Hi all,

surely most of you will have read Ryan's post "Update from Thunderbird Product Manager" on tb-planning. Allow me some comments.

In the first section Ryan describes a drive to improve product quality, hear hear! Until recently Thunderbird with 25 million users and about 15 developers had no formal QA team whatsoever. Developers did their own testing and there were a few volunteers doing release testing. Needless to say, that many regressions slipped through, for example in 91.3.2 calendar printing was broken. Now one poor guy has been "repurposed" as a (quote) "QA person". I wish him all the luck of the world. In comparable development, there is a ratio of 3:1 or 4:1 of developers vs. QA.

I've personally suggested to Ryan back at the end of 2019 to create a team dedicated to QA, bug triaging, regression tracking, fault analysis and enterprise support, but that was ignored since the drive has always been, and still seems to be, more and more and more developers. Nice to see that the project has picked up some of my suggestions after 2.5 years.

In the next section Ryan talks about usability and user interviews. Well, what users want is already known, one just has to look at the tickets/bugs in Bugzilla. For example, users want a multi-line message list, a feature they know from Outlook or Postbox. There are two bugs (213945 and 441414), the earlier from 2003(!!) with a combined almost 300 votes. Betterbird has been shipping this since September 2021. Good thing is, Ryan woke up to it, finally.

Another thing users want is a stable product without regressions, so what worked yesterday must continue to work today, maybe in a different way, unless a feature was removed on purpose (not by accident) after careful consideration. Thunderbird release strategy of sometimes not backporting available regression(!!) fixes to the current release version is detrimental to user satisfaction. Of course it would need active management of regressions (see third paragraph above) and a commitment to product quality. Most important example in recent months: Being able to permanently decrypt messages, a regression compared to TB 68 with Enigmail, much requested, will now ship in TB 102, so release users "only" had to wait two years for it.

On the other hand, Ryan has not yet recognised the major impediment that is holding Thunderbird back, and that is the Mozilla culture in its many facets. Here are just a few:

Mozilla platform code is considered the be-all and end-all, when in fact it is just an upstream project whose code Thunderbird could adapt to its own needs to its hearts content. Take the multi-line message list. The necessary changes to the Mozilla platform code weren't accepted by Mozilla, hence the feature was never implemented, despite patches which have existed for decades.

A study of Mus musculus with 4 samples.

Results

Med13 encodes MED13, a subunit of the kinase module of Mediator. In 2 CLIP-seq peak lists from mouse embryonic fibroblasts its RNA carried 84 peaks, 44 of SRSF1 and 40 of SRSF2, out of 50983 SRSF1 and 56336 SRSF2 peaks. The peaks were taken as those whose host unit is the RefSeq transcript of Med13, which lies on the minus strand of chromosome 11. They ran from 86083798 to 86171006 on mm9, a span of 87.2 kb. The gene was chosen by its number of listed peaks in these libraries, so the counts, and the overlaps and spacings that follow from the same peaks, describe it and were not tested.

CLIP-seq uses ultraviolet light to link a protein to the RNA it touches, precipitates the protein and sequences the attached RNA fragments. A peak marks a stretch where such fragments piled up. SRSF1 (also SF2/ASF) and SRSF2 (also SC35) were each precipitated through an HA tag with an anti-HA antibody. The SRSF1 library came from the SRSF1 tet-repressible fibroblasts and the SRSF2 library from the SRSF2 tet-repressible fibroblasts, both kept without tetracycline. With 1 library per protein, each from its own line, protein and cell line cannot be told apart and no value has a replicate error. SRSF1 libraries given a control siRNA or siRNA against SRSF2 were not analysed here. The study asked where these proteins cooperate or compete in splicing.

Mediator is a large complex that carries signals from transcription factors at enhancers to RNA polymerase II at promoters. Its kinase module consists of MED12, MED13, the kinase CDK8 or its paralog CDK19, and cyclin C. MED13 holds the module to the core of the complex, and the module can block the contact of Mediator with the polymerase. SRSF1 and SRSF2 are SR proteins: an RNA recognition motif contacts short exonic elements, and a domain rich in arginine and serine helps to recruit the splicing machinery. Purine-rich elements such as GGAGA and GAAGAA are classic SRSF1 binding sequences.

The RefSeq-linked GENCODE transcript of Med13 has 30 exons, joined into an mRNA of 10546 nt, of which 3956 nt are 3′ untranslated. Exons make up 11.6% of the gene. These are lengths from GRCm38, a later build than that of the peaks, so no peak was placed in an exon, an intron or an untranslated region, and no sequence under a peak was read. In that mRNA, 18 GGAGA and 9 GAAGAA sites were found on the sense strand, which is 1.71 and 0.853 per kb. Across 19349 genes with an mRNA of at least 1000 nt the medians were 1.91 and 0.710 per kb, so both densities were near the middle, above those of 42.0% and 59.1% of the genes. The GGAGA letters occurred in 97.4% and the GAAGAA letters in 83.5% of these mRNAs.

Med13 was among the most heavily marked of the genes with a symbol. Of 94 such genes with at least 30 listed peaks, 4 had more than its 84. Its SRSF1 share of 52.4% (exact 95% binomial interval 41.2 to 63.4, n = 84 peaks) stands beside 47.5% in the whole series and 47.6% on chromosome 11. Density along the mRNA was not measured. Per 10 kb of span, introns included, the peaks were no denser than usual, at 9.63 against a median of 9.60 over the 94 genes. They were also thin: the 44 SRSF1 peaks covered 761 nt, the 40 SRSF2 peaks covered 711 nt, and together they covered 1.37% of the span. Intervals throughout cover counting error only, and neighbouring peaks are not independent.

The counterproductive Mozilla contribution attitude: Say there was a regression and a contributor proposes a fix which is deemed suboptimal. In case the contributor for some reason doesn't pursue the issue further, the issue is now blocked and not fixed, sometimes for years, much to the detriment of the users. That's like the master plumber waiting for the apprentice to fix the leak while the building is flooded. There are so many bugs in the system which are blocked in this way :-( - This Mozilla contribution attitude is arrogant and doesn't constitute good teamwork. In any well working team, people who are struggling would receive help from their managers since in the end, everyone should contribute their share so the problem gets fixed for the customer.

Another Mozilla problem is "purity": For example, the issue of symbol fonts (Wingdings, Webdings) not being displayed properly in Firefox despite being displayed correctly in Chrome-based browsers went back to 2004 (bug 236854). This can be detrimental to mail composition of users don't realise that they are accidentally sending out symbols instead of text. When the issue was raised again in 2022 (bug 1756720), that bug was closed immediately referring back to the previous "purist" answer which was: An "A" should always be rendered as an "A", not as a symbol. And then, in this particular case, a miracle happened: Someone re-opened the latter bug and finally fixed it after 18 years. Well, users generally don't want to wait for miracles, they would instead prefer some decent product planning which tells them when their issue will be addressed.

In summary: I wish Ryan good luck fighting as a David against a Goliath of encrusted structures. Maybe he'll get there in ten years. More than two years have already been wasted (see third paragraph above).